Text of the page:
Churches Join Relief Effort in South Carolina
Assemblies of God church staff members and volunteers continue to try to stabilize areas in South Carolina overrun by flooding on Sunday after three days of rain caused dams to breach and rivers to overflow.
Hundreds of roads and bridges throughout the state closed because of high water. Officials with the South Carolina Assemblies of God District reached their offices in West Columbia Tuesday after the building closed Monday due to inaccessibility.
South Carolina Superintendent Vic Smith said there haven't been any reports of major damage to any of the 91 AG churches in the district, although the homes of a couple of pastors sustained water damage.
"People have been forced to evacuate their homes and there has been a lot of destruction," Smith told PE News. "I'm thankful with all the flooding going on that we haven't had more loss of life."
The flooding death toll rose to 17 in South Carolina. Most of those drowned while trying to drive through floodwaters or died in weather-related traffic accidents.
Randy Knechtel, founding pastor of Vive Church in Columbia, drove to the church at daybreak Sunday and saw the parking lot flooded. Although water didn't enter the church, Vive Church canceled services as city officials issued warnings to stay off flooded streets.
On Monday afternoon Knechtel, Vive Church Executive Pastor Chuck Hill, seven part-time staff members, and around 40 attendees from the church helped bring potable water to residents without any. The 20-inch deluge on Sunday compromised the capital city's water supply.
The South Carolina Emergency Management Division reports shortages of drinking water have increased this week.
"It could be days, if not weeks, before municipal water service is restored," Hill says. "People have no water to wash their dishes in, no water to bathe in, no way to flush their toilets."
Vive Church rented a 1,000-gallon tanker trailer and on short notice, those from the church filled buckets and barrels. Volunteers in pickups and sports utility vehicles delivered usable water to affected neighborhoods so they could at least have enough water to stay in their residences temporarily.
Vive Church and Trinity Church coordinated efforts with Convoy of Hope, the compassion ministry based in Springfield, Missouri, that mobilized a disaster services team. Convoy sent a tractor-trailer load of water to the Palmetto State for distribution beginning Wednesday morning.
"Many communities have been inundated and we are responding," says Chris Dudley, Convoy's disaster services response director. "We are positioning ourselves near flooded areas and are poised to help immediately after the waters recede."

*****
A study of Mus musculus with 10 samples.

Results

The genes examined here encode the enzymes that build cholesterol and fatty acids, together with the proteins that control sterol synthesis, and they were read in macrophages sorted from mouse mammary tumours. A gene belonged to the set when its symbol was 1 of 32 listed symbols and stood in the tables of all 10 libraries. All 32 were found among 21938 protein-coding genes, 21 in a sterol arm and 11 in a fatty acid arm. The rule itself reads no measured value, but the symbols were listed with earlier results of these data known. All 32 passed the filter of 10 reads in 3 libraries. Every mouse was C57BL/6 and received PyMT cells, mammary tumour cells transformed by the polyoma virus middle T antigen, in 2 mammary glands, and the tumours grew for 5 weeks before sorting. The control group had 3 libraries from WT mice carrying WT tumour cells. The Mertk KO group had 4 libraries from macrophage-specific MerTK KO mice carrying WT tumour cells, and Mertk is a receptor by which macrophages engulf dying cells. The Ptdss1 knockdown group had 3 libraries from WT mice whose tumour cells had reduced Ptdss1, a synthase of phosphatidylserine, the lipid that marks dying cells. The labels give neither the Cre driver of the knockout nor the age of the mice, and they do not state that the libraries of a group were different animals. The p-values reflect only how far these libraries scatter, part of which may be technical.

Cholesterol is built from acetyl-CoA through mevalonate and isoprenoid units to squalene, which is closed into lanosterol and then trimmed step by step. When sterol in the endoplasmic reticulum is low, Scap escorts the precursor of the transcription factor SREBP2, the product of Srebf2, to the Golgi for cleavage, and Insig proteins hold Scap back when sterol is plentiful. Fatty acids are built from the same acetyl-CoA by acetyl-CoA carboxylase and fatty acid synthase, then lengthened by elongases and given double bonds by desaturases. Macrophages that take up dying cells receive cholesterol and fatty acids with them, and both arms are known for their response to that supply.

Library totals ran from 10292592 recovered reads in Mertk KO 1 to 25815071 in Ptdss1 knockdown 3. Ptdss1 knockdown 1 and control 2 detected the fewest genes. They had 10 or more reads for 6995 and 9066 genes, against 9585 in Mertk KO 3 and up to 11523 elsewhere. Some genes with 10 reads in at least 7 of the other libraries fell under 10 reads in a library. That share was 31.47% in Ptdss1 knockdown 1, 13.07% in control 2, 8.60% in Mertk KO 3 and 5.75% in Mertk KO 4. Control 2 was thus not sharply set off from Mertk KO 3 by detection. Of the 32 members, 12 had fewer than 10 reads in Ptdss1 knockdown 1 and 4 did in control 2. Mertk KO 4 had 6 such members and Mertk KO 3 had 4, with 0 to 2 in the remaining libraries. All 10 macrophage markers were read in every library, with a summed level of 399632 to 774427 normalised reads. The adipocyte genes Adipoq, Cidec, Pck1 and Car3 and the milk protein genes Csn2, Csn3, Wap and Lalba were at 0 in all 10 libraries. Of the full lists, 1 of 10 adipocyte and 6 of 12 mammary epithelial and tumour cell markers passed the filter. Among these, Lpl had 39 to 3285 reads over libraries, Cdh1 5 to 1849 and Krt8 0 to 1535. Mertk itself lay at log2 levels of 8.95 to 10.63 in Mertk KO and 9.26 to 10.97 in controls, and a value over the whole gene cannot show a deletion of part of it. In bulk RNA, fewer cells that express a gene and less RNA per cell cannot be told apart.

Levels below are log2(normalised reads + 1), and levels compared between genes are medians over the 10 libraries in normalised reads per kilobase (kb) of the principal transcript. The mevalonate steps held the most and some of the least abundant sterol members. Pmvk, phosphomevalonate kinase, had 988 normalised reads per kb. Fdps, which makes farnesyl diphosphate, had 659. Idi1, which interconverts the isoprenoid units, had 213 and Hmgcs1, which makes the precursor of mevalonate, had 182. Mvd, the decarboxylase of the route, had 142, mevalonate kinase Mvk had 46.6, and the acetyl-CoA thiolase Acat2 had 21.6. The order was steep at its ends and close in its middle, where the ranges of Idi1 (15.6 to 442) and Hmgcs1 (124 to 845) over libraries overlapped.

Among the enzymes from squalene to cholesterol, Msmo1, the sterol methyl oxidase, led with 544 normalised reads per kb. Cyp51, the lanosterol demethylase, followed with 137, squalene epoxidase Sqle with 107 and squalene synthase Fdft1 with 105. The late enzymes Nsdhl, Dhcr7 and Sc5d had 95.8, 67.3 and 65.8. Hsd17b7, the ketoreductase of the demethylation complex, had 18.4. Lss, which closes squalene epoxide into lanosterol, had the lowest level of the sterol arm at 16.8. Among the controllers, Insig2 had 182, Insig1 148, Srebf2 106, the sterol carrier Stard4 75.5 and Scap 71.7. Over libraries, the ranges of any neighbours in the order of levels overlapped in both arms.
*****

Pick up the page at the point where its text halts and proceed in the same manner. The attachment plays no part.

Convoy has established contact with the South Carolina Volunteer Organizations Active in Disaster to identify needs that will shape the team's response in the coming days.
"Because the water hasn't receded yet, we have time to position our team in areas of most need and make solid connections with local agencies and partners who can help us respond effectively," Dudley says. "Though much damage has already been done, the worst is yet to come for some communities as the waters continue to rise."
Trinity Church founding Pastor Terry Roberts says the primary need at the moment is for bottled water.
"We have 40,000 people without any running tap water," Roberts told PE News. "Those who do have water are being advised to boil it before consumption because of contamination."
Columbia is at the confluence of three rivers, and a chain of lakes in the city is potentially creating another river as dams breached in a cascading fashion. Roberts notes that one of two city reservoirs isn't functioning because of a breached dam.
"Unless they can get that repaired, we could be in for a huge crisis," Roberts says. "We don't really know when the water is going to stop flowing."
Hill says Vive Church already is shifting gears to focus on long-term recovery, to step in to fill the void once state and federal relief workers have left.
"We want to develop a plan for the next several weeks as the floodwaters recede to have people on standby ready to help homeowners and renters who have lost everything to clean up," Hill says.
Roberts, who has lived in Columbia for 35 years, says he's never seen anything like this diluvial event. The fallout from Hurricane Joaquin is being termed a "thousand-year flood event" because of the tremendous amount of rain that fell in the area in three days.